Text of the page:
Why India’s Farmer Protests Matter

February 10, 2021

What do singer Rihanna, climate activist Greta Thunberg, actress Susan Sarandon, and football player JuJu Smith-Schuster have in common? They, and a growing number of celebrities and public figures, have expressed their support for what has been called the largest protest in world history: a multi-faith, multi-caste, multi-generational movement being led by over 100,000 Indian farmers.

For the past several months, farmers from across northern India have camped outside the Indian capital of New Delhi, protesting three recently passed laws that they see as opening India’s agricultural sector to exploitation by private corporations. The farmers are peacefully calling on the Indian government to repeal these laws, and have been met with water cannons, barbed wire, and Internet shutdowns. Images of unarmed farmers being brutalized by police are reminiscent of last year’s Black Lives Matter protests, in which nonviolent protesters marching for racial justice often faced tear gas and police violence.

But why should Americans, particularly those of us who are invested in strengthening pluralism and democracy, care about what’s happening in India?

Just as Americans are grappling with fundamental questions of what it means to live in a multi-religious, multi-ethnic, multi-racial democracy, so are Indians. The farmers’ protests represent the possibility of an inclusive, multi-faith, multi-generational movement for justice in India, in which women and oppressed castes are playing an important role. And, notably, this movement has been led by a religious minority.

Those of us who care about inclusive democracy and pluralism in the US have much to learn from India’s farmers protests, and much to heal within our own society.

Sikhs make up less than 2 percent of India’s population, but they form the majority in Punjab, the state which is known as “India’s breadbasket” and is home to many of the protesting farmers. Simran Jeet Singh, a member of IAP’s Powering Pluralism Network, writes that “Protest is not new to Sikhs; rather, it permeates Sikh history, past and present.” And indeed, many of the protesters are inspired by their Sikh faith. In line with the Sikh tradition of langar, they have constructed makeshift kitchens that provide hot meals to anyone in need, and they have been celebrating Sikh festivals at the protest sites.

However, Sikhs and the Indian government have had a tense relationship—in 1984, thousands of Sikhs were killed in pogroms in New Delhi, after Indian prime minister Indira Gandhi was assassinated by her Sikh bodyguards. As a reaction to the farmer protests, Hindu nationalists have been calling for the “need to repeat 1984,” and the Indian government and media have referred to the protesters as “terrorists” and “anti-national.” This is unnervingly similar to how right-wing media in the United States brand American Muslim activists and politicians as “terrorists,” “jihadis,” or “radicals.”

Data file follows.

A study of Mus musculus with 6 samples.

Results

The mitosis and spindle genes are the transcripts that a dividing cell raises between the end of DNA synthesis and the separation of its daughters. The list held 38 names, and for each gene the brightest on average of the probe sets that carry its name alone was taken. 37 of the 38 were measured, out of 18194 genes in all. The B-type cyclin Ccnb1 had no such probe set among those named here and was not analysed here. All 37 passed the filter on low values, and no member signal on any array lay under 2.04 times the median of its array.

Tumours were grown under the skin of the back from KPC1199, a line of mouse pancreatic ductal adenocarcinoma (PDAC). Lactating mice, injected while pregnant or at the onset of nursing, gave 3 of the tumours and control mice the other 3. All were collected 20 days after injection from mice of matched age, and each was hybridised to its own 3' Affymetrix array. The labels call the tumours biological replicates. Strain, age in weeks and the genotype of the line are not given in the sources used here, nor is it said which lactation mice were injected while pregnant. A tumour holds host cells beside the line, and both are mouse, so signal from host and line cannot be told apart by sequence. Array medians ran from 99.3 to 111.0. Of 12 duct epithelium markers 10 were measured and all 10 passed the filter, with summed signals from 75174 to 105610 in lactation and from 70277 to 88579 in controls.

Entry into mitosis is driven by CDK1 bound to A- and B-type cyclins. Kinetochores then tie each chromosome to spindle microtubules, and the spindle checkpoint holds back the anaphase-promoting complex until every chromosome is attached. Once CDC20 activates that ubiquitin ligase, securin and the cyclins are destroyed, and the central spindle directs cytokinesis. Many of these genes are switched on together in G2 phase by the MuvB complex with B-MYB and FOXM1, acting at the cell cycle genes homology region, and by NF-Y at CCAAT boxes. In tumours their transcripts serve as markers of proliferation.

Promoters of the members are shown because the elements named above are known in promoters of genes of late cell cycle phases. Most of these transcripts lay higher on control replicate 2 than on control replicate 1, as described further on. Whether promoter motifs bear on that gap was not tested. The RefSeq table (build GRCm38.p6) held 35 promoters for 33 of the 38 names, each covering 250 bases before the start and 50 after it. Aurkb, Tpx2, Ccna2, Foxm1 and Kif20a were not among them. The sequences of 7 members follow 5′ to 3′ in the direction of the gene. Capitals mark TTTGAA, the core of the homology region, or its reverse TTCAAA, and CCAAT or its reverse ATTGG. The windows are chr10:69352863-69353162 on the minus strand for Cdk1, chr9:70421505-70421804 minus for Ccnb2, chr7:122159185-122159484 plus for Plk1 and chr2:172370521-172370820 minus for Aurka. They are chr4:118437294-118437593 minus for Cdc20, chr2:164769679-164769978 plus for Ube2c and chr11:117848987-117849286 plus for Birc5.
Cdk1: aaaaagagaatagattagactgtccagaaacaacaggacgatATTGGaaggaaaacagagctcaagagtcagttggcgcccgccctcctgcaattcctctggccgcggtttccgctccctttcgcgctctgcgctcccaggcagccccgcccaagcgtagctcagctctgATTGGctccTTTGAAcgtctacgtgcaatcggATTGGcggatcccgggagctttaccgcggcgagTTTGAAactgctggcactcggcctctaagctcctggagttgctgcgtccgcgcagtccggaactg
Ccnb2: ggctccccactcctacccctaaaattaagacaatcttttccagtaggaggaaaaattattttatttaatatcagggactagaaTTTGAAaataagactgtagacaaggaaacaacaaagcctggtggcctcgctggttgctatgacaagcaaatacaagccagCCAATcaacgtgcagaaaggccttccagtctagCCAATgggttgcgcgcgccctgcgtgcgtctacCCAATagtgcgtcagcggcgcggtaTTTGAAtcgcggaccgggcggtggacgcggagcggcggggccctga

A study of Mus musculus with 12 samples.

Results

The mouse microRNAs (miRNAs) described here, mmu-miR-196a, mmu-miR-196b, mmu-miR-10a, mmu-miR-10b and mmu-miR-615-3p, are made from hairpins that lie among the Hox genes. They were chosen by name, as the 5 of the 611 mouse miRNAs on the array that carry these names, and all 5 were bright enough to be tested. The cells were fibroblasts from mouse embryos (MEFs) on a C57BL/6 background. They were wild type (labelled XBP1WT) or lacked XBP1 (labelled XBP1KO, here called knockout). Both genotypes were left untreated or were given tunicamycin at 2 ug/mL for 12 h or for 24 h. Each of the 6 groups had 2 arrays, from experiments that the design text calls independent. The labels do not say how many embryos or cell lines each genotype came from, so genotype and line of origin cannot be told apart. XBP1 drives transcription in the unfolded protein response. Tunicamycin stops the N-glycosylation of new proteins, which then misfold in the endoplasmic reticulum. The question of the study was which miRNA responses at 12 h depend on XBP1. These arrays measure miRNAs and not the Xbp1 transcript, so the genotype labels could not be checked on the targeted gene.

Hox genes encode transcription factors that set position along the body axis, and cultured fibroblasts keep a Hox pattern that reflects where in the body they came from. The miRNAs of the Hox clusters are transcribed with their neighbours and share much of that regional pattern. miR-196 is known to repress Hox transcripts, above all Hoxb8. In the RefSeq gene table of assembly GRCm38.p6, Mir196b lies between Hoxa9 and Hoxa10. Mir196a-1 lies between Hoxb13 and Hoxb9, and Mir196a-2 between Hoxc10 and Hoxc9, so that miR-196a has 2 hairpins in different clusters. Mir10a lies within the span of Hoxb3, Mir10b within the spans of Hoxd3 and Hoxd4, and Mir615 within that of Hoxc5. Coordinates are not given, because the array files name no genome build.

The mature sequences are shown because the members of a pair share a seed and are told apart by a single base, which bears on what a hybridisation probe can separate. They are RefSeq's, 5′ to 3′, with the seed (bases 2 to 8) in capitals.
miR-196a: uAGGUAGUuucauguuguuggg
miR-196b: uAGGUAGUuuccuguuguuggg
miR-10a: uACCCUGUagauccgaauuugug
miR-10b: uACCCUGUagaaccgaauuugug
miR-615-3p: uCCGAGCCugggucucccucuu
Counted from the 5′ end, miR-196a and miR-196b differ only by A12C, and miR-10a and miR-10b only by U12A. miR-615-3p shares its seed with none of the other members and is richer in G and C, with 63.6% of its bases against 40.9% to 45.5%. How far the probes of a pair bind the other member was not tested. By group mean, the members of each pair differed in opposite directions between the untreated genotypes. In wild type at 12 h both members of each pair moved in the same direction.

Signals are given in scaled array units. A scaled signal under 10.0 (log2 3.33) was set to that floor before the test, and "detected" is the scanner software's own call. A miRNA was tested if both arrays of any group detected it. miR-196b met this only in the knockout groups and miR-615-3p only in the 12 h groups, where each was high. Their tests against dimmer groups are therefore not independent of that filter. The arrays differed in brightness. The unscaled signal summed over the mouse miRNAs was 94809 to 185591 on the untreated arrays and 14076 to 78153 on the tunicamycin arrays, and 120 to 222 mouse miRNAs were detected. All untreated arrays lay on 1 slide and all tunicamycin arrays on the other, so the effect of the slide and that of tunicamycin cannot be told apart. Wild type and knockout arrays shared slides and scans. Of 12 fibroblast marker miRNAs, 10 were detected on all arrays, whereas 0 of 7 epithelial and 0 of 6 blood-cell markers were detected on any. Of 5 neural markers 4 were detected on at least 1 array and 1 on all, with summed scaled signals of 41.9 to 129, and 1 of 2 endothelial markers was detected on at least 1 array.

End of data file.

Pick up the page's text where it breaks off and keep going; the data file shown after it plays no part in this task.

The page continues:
The earliest Sikh communities settled in America over one hundred years ago, and there are around 500,000-700,000 Sikhs living in the US today. For many American Sikhs, some of whom are farmers or whose relatives in India are farmers, these protests have felt deeply personal.

India’s farmers have been protesting for months, and there seems to be no end in sight. Nevertheless, from an American perspective, it is been inspiring to see the rise of a multi-faith, multi-generational movement in India amidst rising polarization and government suppression. Hindus for Human Rights, a progressive Hindu organization, has released several statements in support of the farmers, and Rev. Joseph D’Souza, archbishop of the Anglican Good Shepherd Church of India and president of the All India Christian Council, has written “May we learn from this great struggle for human dignity in India, and may this be the year where we strive to heal what has been broken.” Those of us who care about inclusive democracy and pluralism in the US have much to learn from India’s farmers protests, and much to heal within our own society.

I want to end with a poem spoken by a Muslim man who joined the farmer protests a few weeks ago. When interviewed by a Punjabi news channel, he recited this poem in Urdu:

Sheher bhi tumhara hai, sarkar bhi tumhara hai

Tum jhoot ko sach likh do, akhbar bhi tumhara hai

Ghamon ka daur aur nahi chalne wala,

Khoon-e-mazloom aur nahi behne wala

In andheron ka jigar cheer kar noor aayega

Tu agar Firaun hai, toh Musa bhi zaroor aayega

English translation:

The city may be yours; the government may be yours.

Write down lies as truth—the newspapers are yours.

But this era of sorrows will not last much longer.

The blood of the oppressed will not flow much longer.

Ripping apart the heart of this darkness, light will come.

If you are Pharaoh, then Moses will surely come.